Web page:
Training your dog to lay down teaches your dog to “take a break.” If you are busy in the kitchen cooking dinner, the last thing you need is your dog underfoot, tripping you up on the way to the refrigerator. If you train your dog to lie down, she can lay on a dog bed or blanket out of the way and you both can keep your eyes on each other.
Another use for the down command is for grooming or examinations. It’s sometimes easier to trim your dogs nails, clip the hair between the toes or brush their bellies when they are lying on their backs. Rover has a thorn in his pad? Get the tweezers and ask him to lay down while you pull it out.
There are a couple of ways to get your dog to lay down. For this command, I like to use dog training treats and luring your dog into position. Why? It’s easier on you and it’s easier on Fido. Imagine pig wrestling with your dog. Not a pretty picture. :)
Training Lay Down
For this command, you may have to sit on the floor with your dog to start. Then you can work your way to standing and giving a hand signal.
First, have your dog sit. If you haven’t taught sit yet, learn how
Get a small tasty dog treat, that’s soft and easy to chew. We don’t want to stop the training session while your dog is munching on a big dog biscuit.
Show your dog the treat by placing it right in front of his nose. Slowly move your hand down to about the dog’s chest. Your dog should follow the treat down with his nose. Give the treat. Repeat 5 times.
After 5 times, move your hand down even further to about the same height as your dog's pasterns. Repeat this 5 times. If your dog lays down before the 5 times, that’s Great! Repeat the exercise with your dog lying down 5 times.
At this point, some larger dogs may stand up to better reach the treat. You can do one of two things when this happens.
1. Ignore it. Just ask your dog to sit again and repeat the training process.
2. Say “Nope” or “Wrong” to let your dog know they need to try again. Then have the dog sit and continue with the exercise.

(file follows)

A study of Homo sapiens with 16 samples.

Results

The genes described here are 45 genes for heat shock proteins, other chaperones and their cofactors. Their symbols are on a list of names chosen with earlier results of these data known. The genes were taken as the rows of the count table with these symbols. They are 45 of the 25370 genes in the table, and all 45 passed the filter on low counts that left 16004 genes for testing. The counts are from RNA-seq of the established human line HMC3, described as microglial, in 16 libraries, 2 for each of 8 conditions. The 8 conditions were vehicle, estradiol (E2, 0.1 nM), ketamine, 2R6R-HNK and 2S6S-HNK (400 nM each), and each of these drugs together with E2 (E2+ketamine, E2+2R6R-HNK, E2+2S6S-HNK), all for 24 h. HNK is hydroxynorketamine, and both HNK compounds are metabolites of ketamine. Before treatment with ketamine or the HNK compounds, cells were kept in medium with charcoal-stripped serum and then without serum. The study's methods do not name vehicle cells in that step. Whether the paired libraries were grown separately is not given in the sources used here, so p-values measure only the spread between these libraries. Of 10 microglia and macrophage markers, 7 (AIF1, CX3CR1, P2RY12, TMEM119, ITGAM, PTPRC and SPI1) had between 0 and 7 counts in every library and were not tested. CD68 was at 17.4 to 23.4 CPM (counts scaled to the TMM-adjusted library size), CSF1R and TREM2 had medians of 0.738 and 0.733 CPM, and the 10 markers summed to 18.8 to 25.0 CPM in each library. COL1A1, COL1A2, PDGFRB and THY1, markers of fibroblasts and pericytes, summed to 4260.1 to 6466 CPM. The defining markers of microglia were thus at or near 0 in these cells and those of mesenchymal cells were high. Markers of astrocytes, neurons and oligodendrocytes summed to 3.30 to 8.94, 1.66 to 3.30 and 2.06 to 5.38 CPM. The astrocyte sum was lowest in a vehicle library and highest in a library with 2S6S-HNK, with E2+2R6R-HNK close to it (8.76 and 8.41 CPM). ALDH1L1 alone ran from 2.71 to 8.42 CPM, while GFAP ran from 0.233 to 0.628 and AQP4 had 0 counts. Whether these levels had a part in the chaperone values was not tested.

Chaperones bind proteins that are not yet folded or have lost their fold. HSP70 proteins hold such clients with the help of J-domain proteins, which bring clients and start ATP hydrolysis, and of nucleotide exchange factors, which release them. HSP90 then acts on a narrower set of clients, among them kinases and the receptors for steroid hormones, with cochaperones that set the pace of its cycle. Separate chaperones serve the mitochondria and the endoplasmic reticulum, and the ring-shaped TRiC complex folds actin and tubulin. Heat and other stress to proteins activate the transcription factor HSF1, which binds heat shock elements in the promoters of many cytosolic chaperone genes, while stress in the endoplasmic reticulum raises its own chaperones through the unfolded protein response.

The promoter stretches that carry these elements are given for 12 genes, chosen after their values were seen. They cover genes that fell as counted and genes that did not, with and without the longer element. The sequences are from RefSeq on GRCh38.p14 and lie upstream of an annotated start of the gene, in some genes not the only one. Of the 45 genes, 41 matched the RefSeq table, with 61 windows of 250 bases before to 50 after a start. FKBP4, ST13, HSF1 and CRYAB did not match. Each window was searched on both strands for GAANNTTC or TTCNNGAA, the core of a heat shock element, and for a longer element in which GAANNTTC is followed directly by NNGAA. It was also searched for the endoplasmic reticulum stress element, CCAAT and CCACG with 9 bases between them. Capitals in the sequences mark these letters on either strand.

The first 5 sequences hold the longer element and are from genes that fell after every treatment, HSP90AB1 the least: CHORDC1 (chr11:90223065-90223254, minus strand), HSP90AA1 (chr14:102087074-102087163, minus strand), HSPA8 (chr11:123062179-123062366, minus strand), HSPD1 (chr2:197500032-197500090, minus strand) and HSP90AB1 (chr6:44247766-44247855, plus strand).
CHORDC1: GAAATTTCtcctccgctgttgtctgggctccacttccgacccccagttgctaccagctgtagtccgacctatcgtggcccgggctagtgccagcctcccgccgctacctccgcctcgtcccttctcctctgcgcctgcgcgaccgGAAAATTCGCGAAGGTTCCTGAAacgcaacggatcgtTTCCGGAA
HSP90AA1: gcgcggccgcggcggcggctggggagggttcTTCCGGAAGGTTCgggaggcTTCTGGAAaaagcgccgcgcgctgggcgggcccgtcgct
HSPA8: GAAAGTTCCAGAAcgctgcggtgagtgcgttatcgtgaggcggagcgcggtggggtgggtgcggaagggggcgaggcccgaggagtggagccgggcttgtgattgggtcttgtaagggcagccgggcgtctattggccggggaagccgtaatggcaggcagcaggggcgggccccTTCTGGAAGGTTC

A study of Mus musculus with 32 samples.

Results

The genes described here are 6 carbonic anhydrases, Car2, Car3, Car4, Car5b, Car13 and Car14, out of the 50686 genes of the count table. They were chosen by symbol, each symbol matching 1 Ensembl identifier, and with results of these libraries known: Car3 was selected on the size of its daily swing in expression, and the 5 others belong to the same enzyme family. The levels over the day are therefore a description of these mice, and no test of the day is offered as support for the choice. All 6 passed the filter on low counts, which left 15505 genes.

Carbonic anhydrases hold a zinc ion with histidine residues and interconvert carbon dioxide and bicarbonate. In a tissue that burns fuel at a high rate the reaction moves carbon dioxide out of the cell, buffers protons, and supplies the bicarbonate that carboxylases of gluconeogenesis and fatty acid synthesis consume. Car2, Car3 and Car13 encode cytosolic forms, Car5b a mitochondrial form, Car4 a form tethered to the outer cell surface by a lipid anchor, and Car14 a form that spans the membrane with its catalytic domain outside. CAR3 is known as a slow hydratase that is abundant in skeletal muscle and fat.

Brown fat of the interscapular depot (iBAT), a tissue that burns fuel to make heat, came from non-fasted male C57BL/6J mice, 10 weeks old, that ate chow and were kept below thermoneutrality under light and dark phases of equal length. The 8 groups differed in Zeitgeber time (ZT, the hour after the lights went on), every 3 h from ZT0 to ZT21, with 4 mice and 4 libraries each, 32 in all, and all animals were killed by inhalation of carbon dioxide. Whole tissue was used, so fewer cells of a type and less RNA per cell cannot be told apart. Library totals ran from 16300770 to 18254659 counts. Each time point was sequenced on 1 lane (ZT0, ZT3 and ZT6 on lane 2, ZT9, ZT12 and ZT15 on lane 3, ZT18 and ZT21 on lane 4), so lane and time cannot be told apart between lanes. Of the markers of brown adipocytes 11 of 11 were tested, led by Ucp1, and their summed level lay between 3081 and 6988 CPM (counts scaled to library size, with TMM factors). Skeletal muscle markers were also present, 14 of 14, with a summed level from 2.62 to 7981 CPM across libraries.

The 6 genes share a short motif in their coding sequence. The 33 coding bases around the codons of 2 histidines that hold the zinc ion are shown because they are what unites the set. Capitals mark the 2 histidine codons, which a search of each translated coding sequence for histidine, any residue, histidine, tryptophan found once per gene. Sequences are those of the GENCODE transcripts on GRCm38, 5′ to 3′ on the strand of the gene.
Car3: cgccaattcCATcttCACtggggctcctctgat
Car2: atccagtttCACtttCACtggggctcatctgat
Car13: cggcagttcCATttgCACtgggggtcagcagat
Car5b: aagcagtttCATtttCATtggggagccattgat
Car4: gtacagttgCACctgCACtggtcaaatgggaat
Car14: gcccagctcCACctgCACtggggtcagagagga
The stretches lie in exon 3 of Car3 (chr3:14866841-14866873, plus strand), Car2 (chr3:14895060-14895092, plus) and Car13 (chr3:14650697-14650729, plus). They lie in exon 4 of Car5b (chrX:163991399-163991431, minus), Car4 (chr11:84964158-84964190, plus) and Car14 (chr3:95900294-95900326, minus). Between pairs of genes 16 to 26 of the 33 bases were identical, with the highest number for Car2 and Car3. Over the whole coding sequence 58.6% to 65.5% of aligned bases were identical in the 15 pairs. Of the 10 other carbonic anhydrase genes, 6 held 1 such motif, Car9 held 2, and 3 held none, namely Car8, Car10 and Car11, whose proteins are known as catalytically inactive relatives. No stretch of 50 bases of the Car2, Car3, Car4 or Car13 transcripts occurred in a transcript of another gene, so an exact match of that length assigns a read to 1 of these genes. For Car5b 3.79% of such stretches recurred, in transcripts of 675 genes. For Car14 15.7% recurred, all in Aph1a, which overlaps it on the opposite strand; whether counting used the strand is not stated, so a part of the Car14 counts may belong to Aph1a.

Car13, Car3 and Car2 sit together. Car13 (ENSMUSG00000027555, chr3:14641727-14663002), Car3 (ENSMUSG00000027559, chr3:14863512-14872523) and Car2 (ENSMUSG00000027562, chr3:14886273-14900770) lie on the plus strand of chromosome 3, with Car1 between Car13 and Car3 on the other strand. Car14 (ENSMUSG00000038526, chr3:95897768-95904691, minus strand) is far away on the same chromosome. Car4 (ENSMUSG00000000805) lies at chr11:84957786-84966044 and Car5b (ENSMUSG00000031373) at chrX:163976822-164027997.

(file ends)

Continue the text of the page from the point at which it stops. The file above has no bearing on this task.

Personally, I like to give the dog a “wrong” cue. I believe it helps them better understand the training. Call me a weirdo, but I really think our dogs can understand more that we give them credit for. The other day I threw a ball for my Chesapeake and she didn’t see where it went, she ran for it but couldn’t find it. She came back and looked at me like I still had the ball. I said “Your ball is over by the fence in the corner.” I’ll be darned if she didn’t make a beeline right for it and found her ball. But, I digress.
One more step if your dog still hasn’t made it all the way to the down position. As you lure closer to the ground, and your dog practically has his nose on the floor, start to move your treat out and away from your dog.
Again, if they stand up to move closer to the treat, don’t give the treat. Use one of the two options above and start over. Soon you will see your dog “crawl" down after the treat. Remember to reward for small progressions.
“Place” - Teaching Your Dog to Lie Down Somewhere
Now that your dog is consistently lying down on command, let’s ask him to do it on a blanket, dog bed, or cushion.
Place the blanket, dog bed or cushion where you would like it stay in the house. This doesn’t mean you can’t ever move it, but if you do move it you will have work on training your dog at the new location. He will be confused for awhile and will look for the blanket at the old spot.
Coax your dog onto the blanket by pointing to the blanket or patting it. You can say a variety of commands. Pick the one you like the best. I say it like it is - “Get on your bed.” You can also say bedtime, place, get on your blanket, or get on your cushion.
Use a treat, toy or whatever motivates your dog onto the blanket if they seem reluctant. You can start with getting them to sit on the blanket first and then ask them to lie down.
Praise your dog once they accomplish what you’re asking them!
Now you know all about training your dog to lay down!